Task Assessing the Impact of Chronic Sleep Restriction on Sleep and Performance-Associated Regional Brain Activation Using Near-Infrared Spectroscopy (Postdoctoral Fellowship) (Completed)
Last Published:  04/20/22 11:43:24 AM (Central)
Short Title: NIRS Sleep
Responsible HRP Element: Behavioral Health and Performance
Collaborating Org(s):
National Space Biomedical Research Institute (NSBRI)
Funding Status: Completed - Task completed and produced a deliverable
Procurement Mechanism(s):
NASA astronauts and ground crew need to maintain high levels of physical and cognitive performance to ensure successful completion of space missions and the safety of astronauts. Astronauts and ground crew are exposed to sleep loss arising from shifting and extended work schedules commonly associated with their missions. As a result, many astronauts and ground crew are at risk for fatigue-related accidents that can endanger the success of space missions and personal safety. A major challenge in combating fatigue is accurate diagnosis. Subjective sleepiness is reported significantly less often than observed objective performance decrements, indicating that self-diagnosis is inaccurate. Recent evidence suggests that sleep deprivation reduces activation in the prefrontal cortex (PFC), a brain region known to be important for executive function and cognitive performance. A recently-developed technology, developed substantially by Dr. Gary Strangman with NSBRI support, allows for the quantification of hemodynamic changes in oxygenated and deoxygenated blood within the brain using Near-Infrared Spectroscopy (NIRS). NIRS detects regional brain activity alterations associated with these hemodynamic changes. Current methodology for assessing hemodynamic changes requires large, expensive functional magnetic resonance imaging or positron emission tomography techniques that are impractical for use in space or most work environments. In contrast, ambulatory NIRS monitoring is relatively portable, relatively inexpensive, simple to apply and can record over 24 hours of data in a single session. Therefore, this non-invasive method for assessing regional brain activity overcomes the prohibitive restrictions of other neuroimaging systems and has the additional advantages of multi-hour recordings and ambulatory monitoring.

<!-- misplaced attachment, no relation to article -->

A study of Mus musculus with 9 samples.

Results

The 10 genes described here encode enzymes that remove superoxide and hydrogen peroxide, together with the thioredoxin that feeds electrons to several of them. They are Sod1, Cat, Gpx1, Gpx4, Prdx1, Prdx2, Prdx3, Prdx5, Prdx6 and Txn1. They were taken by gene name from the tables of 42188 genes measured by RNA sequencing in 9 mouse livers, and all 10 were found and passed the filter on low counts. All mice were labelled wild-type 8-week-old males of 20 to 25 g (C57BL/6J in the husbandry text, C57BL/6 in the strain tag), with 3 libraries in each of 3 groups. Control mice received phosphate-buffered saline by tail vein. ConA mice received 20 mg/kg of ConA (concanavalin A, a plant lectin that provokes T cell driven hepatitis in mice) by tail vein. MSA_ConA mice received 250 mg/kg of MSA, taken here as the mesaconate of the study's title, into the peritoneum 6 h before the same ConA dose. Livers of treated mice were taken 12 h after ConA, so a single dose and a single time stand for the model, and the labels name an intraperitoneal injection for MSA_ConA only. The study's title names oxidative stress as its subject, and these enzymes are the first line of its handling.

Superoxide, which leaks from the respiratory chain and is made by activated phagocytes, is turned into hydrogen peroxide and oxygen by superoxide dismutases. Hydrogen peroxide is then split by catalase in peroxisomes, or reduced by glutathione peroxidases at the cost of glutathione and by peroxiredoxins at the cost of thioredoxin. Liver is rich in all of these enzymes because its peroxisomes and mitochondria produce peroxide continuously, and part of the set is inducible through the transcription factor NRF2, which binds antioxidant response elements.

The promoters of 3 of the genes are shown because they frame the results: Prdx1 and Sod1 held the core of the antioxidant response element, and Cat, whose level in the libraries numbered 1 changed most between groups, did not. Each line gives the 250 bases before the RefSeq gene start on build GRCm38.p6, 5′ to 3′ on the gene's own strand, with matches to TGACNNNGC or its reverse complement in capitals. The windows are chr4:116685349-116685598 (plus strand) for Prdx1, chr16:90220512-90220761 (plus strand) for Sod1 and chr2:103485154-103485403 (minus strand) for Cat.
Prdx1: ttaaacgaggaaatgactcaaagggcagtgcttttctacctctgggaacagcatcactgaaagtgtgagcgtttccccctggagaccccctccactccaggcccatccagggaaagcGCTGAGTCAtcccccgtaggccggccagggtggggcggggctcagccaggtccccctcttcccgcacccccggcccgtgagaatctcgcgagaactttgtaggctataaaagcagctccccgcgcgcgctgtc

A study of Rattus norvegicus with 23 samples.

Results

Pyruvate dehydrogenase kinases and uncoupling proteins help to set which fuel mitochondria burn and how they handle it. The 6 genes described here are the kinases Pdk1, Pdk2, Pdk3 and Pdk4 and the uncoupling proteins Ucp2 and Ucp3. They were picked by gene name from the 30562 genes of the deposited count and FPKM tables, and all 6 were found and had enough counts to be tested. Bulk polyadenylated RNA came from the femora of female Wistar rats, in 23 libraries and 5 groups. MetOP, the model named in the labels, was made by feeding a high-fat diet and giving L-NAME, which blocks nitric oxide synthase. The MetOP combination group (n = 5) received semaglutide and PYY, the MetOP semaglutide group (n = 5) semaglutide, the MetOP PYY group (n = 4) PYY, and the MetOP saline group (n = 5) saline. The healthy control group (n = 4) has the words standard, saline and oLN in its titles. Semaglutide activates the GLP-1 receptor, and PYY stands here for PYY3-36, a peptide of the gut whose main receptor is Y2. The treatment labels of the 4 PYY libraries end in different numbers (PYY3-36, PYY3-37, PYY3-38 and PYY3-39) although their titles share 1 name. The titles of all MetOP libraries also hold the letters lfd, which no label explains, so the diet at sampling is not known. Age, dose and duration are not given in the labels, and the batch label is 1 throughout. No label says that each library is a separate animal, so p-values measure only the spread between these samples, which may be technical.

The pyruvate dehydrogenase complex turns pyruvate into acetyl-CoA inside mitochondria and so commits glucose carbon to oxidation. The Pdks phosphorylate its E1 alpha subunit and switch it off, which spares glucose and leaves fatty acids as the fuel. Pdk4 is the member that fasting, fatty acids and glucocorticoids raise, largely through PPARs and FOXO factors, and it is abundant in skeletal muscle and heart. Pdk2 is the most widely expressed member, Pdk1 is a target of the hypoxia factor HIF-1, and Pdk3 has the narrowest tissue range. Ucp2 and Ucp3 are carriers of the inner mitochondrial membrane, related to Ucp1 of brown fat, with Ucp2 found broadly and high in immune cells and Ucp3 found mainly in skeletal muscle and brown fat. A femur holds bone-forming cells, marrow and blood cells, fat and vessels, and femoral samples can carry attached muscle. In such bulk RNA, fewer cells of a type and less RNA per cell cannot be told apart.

This study is using NIRS technology to examine PFC activity in experimental volunteers participating in chronic sleep restriction (CSR) and acute sleep deprivation (ASD) protocols. NIRS monitoring during these protocols will allow the investigators to address their specific aims:
1) To test the hypothesis that hemodynamic responses in the PFC to the psychomotor vigilance task (PVT) will exhibit a circadian rhythm.
2) To test the hypothesis that hemodynamic responses in the PFC to the PVT will be reduced during CSR.
3) To test the hypothesis that hemodynamic fluctuations in the PFC associated with delta wave sleep activity will increase in frequency following a 30-hour ASD.